Autism and College

In The Politics of Autism, I discuss the growing number of college students on the spectrum:
We do know that autistic students suffer high levels of depression, anxiety, and social isolation. We also know that their difficulties can affect their academic performance. (Group projects can be hard.) They have to cope with these problems without the protection of an IEP, since the Individuals with Disabilities Education Act does not apply to higher education. The Americans with Disabilities Act (ADA) and Section 504 of the Rehabilitation Act of 1973 provide for certain accommodations (for instance, extra time for tests), but the student has to seek them. According to Jane Brown Thierfeld, co-director of an organization of professionals who assist autistic students, for every student receiving special services, there are one or two on that same campus who have not come forward.
Back in May, Noel Murray wrote at Vox about the challenges facing autistic college students and their families:
The exact number of men and women on the spectrum attending college today is hard to pin down, because there are few incentives at the moment for those students to register with disability services. Circa 2008, autism researchers estimated that anywhere from 1 to 2 percent of the university population had autism, Asperger's, or some pervasive developmental disorder. Autism spectrum diagnoses have only risen since then.
Jane Brown, co-director of the organization College Autism Spectrum, described the big problem with how students on the autism spectrum transition from high school to college: "Up through high school, parents are advocates and CEO of their child's education."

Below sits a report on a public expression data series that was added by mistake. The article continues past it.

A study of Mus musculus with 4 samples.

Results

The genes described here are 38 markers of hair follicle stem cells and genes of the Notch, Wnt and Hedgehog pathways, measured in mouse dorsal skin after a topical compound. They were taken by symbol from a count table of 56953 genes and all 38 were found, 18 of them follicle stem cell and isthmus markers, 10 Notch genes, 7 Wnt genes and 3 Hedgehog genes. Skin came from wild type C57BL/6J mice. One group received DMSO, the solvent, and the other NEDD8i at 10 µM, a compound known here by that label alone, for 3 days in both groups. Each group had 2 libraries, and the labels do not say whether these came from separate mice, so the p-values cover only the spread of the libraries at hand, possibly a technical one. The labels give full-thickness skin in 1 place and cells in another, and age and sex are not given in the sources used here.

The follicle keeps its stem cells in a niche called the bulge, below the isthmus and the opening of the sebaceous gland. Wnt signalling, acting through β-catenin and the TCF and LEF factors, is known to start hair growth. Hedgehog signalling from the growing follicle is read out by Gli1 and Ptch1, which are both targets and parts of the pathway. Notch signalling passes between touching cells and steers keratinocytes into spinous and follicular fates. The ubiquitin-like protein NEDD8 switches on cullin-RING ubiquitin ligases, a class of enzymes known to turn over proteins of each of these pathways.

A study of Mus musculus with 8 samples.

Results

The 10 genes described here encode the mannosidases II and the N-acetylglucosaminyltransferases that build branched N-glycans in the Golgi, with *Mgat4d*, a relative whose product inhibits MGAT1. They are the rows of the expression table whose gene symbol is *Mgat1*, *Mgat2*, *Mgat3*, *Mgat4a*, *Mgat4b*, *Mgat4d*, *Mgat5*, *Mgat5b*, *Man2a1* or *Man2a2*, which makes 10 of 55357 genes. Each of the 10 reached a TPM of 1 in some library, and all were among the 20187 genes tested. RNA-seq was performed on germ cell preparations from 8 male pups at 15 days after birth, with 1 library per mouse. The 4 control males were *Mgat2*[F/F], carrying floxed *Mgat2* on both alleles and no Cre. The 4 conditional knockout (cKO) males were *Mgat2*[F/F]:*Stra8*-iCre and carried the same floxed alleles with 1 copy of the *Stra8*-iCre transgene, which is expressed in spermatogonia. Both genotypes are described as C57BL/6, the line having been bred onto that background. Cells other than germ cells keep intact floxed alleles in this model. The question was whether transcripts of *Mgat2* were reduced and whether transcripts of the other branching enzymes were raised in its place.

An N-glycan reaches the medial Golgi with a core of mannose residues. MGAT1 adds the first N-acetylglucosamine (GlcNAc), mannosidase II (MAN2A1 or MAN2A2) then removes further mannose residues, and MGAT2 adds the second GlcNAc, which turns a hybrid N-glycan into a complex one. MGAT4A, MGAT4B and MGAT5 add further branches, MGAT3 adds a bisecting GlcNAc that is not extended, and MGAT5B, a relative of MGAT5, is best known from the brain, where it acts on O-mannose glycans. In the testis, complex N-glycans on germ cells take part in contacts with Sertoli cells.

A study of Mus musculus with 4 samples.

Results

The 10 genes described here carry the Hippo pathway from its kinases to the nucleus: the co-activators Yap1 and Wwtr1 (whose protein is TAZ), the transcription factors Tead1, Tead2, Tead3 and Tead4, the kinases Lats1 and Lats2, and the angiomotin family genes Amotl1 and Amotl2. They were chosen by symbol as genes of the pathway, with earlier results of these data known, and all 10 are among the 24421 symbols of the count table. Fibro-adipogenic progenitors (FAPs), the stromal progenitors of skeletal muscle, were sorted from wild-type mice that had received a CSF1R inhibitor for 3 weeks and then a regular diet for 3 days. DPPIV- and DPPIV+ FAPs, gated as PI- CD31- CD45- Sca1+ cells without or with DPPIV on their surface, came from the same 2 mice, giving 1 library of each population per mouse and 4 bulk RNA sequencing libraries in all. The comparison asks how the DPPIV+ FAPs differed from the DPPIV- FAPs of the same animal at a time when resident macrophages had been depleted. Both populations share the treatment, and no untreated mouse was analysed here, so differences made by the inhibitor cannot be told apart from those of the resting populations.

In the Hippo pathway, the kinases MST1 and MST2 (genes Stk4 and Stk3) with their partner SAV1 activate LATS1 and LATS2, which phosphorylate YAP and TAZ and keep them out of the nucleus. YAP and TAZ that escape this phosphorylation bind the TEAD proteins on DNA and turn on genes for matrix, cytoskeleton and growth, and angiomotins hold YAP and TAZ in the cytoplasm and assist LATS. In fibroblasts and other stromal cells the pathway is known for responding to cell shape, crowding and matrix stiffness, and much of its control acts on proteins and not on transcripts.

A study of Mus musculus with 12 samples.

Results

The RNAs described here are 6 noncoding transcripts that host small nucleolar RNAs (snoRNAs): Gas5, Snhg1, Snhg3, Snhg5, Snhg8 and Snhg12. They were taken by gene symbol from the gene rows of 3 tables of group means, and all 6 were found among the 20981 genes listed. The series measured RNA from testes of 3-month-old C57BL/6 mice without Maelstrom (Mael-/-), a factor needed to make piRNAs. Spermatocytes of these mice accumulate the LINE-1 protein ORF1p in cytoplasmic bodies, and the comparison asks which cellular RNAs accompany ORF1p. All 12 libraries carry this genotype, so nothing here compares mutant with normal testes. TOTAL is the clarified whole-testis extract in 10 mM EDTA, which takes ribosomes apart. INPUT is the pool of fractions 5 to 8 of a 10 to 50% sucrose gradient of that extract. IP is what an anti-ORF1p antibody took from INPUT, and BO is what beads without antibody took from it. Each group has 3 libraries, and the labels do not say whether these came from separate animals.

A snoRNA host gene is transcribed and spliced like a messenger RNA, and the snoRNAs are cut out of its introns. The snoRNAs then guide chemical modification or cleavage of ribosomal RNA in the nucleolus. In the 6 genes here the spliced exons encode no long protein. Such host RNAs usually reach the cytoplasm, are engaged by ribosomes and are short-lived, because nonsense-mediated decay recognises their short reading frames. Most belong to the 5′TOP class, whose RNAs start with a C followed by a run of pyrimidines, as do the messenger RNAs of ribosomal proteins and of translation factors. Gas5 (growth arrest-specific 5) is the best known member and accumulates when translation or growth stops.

But not only are universities not inclined to allow parents to stay in that driver's seat, they're legally bound in some cases to shut parents out. Under the Family Educational Rights and Privacy Act, once students turn 18, they become the stewards of their own records, from grades to whatever special learning tools and accommodations they might request.
In high school, the laws are geared toward making sure that all children, regardless of any disability, have a right to "a free and appropriate education in the least restrictive environment." Colleges are under no such obligation to make sure students learn and thrive. They have to provide certain resources for people on the autistic spectrum, but it's not their responsibility to make sure those resources get used.

In Dubuque, KCRG-TV reports:
Loras College is starting to take student applications for next fall for the new Connections Academy Program. That’s a four year program that keeps students with autism in a college classroom with other students. But, the program helps these students to be able to handle the social and academic sides of college life.

Faculty at Loras say they wanted to start the program because there has been an increase in the number of children diagnosed with autism.

A 2010 report by the Centers for Disease Control shows that one in 68 children have autism. The number of children and teens with developmental disorders like autism is up 17 percent since the mid-1990s.

“Years ago students who have Autism were told they weren’t college material,” Lynn Gallagher, Connections Academy Director, said.

Starting next fall, students in the Connections Academy will be assigned a peer mentor and a faculty advisor.